At I Heart Lesfic, we believe the world could use a bit more kindness after one of the hardest and longest of years. Many authors have signed up to help IHL spread kindness in the world.
Today, the wonderful Anne Hagan is here to share a story. Also, Anne is giving away 2 ecopies of Steel City Confidential. Below the guest post, you’ll find more details about the giveaway.
Take it away, Anne.
Pay it Forward
The concept of paying it forward, repaying a kindness done for you to someone else, has been around for a while. A US based insurance company garnered national attention in 2014 and 2015 for a series of well done, ‘pay it forward’ commercials. Today, that same insurance company has resorted to the humor of a human interacting with an emu in most of its ads. Perhaps we need that lightheartedness in these crazy times. I wish they’d go back to the pay it forward spots.
My first memorable experience with someone doing me – and eleven others who were with me – a kindness was back in the early ‘90s, right after the first Gulf War. I was in the Ohio Army National Guard then. A dozen of us were traveling to our two weeks of annual training (AT) at Camp Grayling in Michigan. We were in uniform and ordered by our commander to stick together, but we were traveling apart from our unit convoy in ones and twos in our privately owned vehicles (POVs).
Soldiers don’t like to miss meals, and that day was no exception. The troops in the convoy were dining on MREs. Those of us lucky enough to drive ourselves stopped at a Frisch’s Big Boy for ‘chow.’
Frisch’s was busy. We squeezed in around three tables near each other and got served pretty quickly. We laughed and joked and had good time as we ate, but we were respectful of those all around us and kept it clean.
When it was time to go, we called for the bills. That’s when a server told us our bills were paid including tips, over $200.00 worth of food and drinks. We couldn’t even thank the person who’d paid. He was long gone.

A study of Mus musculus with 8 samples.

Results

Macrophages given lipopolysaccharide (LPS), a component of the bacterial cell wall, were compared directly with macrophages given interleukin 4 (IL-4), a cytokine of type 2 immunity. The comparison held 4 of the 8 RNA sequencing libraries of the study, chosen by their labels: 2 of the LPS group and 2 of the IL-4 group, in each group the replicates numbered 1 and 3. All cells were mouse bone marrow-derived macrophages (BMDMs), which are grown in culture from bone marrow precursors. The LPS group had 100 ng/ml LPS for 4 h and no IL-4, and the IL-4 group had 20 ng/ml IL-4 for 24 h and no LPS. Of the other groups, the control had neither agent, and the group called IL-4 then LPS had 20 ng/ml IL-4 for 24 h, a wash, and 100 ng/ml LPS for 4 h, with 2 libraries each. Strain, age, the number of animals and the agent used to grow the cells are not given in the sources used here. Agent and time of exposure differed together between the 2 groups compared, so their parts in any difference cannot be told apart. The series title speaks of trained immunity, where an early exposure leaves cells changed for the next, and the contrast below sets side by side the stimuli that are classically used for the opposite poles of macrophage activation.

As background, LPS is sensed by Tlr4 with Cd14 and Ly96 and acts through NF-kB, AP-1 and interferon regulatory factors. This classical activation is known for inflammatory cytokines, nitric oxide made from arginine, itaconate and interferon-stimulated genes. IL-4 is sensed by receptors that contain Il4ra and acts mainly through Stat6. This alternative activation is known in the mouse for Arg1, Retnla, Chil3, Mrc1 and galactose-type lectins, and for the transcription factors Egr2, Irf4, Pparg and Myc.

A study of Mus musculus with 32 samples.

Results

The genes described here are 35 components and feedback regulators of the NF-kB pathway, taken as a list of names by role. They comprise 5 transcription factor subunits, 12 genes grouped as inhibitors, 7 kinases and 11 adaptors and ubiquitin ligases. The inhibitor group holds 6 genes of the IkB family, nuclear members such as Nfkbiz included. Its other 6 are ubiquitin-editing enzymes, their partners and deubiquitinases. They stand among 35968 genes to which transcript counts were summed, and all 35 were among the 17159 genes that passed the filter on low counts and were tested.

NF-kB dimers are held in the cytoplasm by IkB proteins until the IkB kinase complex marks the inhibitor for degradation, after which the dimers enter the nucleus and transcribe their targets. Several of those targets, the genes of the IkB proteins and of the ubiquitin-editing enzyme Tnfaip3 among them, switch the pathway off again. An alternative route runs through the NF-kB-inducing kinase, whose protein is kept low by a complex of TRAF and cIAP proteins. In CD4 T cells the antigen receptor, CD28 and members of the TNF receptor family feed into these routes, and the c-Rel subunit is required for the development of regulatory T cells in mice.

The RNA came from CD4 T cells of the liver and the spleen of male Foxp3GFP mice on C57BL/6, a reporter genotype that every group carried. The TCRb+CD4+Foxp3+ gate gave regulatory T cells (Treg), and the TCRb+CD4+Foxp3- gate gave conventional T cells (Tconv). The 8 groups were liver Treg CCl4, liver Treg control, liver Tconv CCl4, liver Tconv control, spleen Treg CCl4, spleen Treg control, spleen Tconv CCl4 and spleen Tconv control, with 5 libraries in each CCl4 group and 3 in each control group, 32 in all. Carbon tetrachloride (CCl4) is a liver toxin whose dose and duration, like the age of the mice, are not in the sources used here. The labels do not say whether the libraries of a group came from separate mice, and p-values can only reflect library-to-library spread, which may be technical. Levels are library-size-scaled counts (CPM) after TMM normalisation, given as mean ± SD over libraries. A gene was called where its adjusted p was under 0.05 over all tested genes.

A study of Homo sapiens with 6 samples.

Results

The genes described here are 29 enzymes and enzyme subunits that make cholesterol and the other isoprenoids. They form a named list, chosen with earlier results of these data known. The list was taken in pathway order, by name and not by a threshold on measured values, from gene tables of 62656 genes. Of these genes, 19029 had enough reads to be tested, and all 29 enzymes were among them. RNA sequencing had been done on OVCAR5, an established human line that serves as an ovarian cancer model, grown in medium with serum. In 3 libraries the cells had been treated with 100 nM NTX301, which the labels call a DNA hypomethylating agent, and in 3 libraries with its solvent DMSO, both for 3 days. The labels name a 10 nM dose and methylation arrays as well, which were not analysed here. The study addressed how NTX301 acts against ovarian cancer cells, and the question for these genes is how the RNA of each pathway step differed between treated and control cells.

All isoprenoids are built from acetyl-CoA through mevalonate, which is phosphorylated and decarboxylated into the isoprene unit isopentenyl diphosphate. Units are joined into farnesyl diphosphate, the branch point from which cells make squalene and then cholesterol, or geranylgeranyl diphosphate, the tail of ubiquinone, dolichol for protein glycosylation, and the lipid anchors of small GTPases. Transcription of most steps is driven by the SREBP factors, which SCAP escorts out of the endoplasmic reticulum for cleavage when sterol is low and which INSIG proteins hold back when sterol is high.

Someone stunned me that day, and every time it happened after that. It happened a lot throughout the 1990s and the early 2000’s when I retired. Sometimes I knew who did it and could at least offer a thank you. Sometimes I didn’t.
I retired over fifteen years ago. To this day, when I see a soldier in uniform anywhere getting food, I try to pay for them. It’s one way I try to pay it forward for all of the times someone did it for me.
Have you ever been a little short in the grocery checkout line and had a stranger waiting behind you pay the difference? Yes? I’ve been there too, and I’ve also been the one to pay the overage.
Paying it forward doesn’t have to mean spending money. Has anyone pointed out something to you that saved you a ton of time? Maybe someone has taught you something that seemed to you like it was easy for them. You can pay their kindness forward. We can all do things which might be all new skills for others. Each one, teach one.
I live in a tiny village now. I witness acts of kindness every day. The mail clerk carrying packages to an older person’s car. A woman leaving food for the barn cats that didn’t catch any mice. People sharing from their gardens. Dozens dropping everything to help search for a dog that got away from its owner. Look around you. See what acts of kindness you can do to pay it forward.
by Anne Hagan
Available in Kindle Unlimited
Clients hide things from their lawyers all the time. Pam Wilson makes it an art form.
Pam’s been on the run from the law for years and she was getting away with it. The statute of limitations ran out on most of her crimes. For her spouse Charlotte? Not so much. Though they were aging, they looked forward to enjoying their golden years and, hopefully, forgetting about the past.
Life got complicated when Charlotte became gravely ill, their daughter got pregnant with the child of a married man…a married man someone took shots at from a rare motorcycle Pam happens to own. When the man was shot again and killed in his office at Pitt a couple of weeks later, the police found all signs pointing to Pam.
Rochelle ‘Ro’ Rabinowitz, a second-generation Pittsburgh lawyer, and her little firm take on Pam’s case pro-bono. Ro thinks it’s a slam dunk for the defense and hands the case off to her new associate and – she hopes – her future partner in the firm, Dominique, to get her feet wet in a courtroom. Clients are never completely honest with their lawyers and Ro and Dominque soon learn this one is no exception.
Slam dunk? More like a pipe dream…
MEET THE AUTHOR
Anne Hagan is part-time employee and full-time author. She and her wife live in a tiny town that’s even smaller than the Morelville of her mystery fiction novels. Anne’s wife grew up there and has always considered it home. Though it’s an ultra-conservative rural community, they’re surrounded there by family, longtime friends and many other wonderful people with open hearts and minds. They enjoy spending time with Anne’s son, with their nieces and nephews and doing many of the things you’ve read about in her books.
CONNECT WITH ANNE HAGAN
Thanks so much for stopping by today.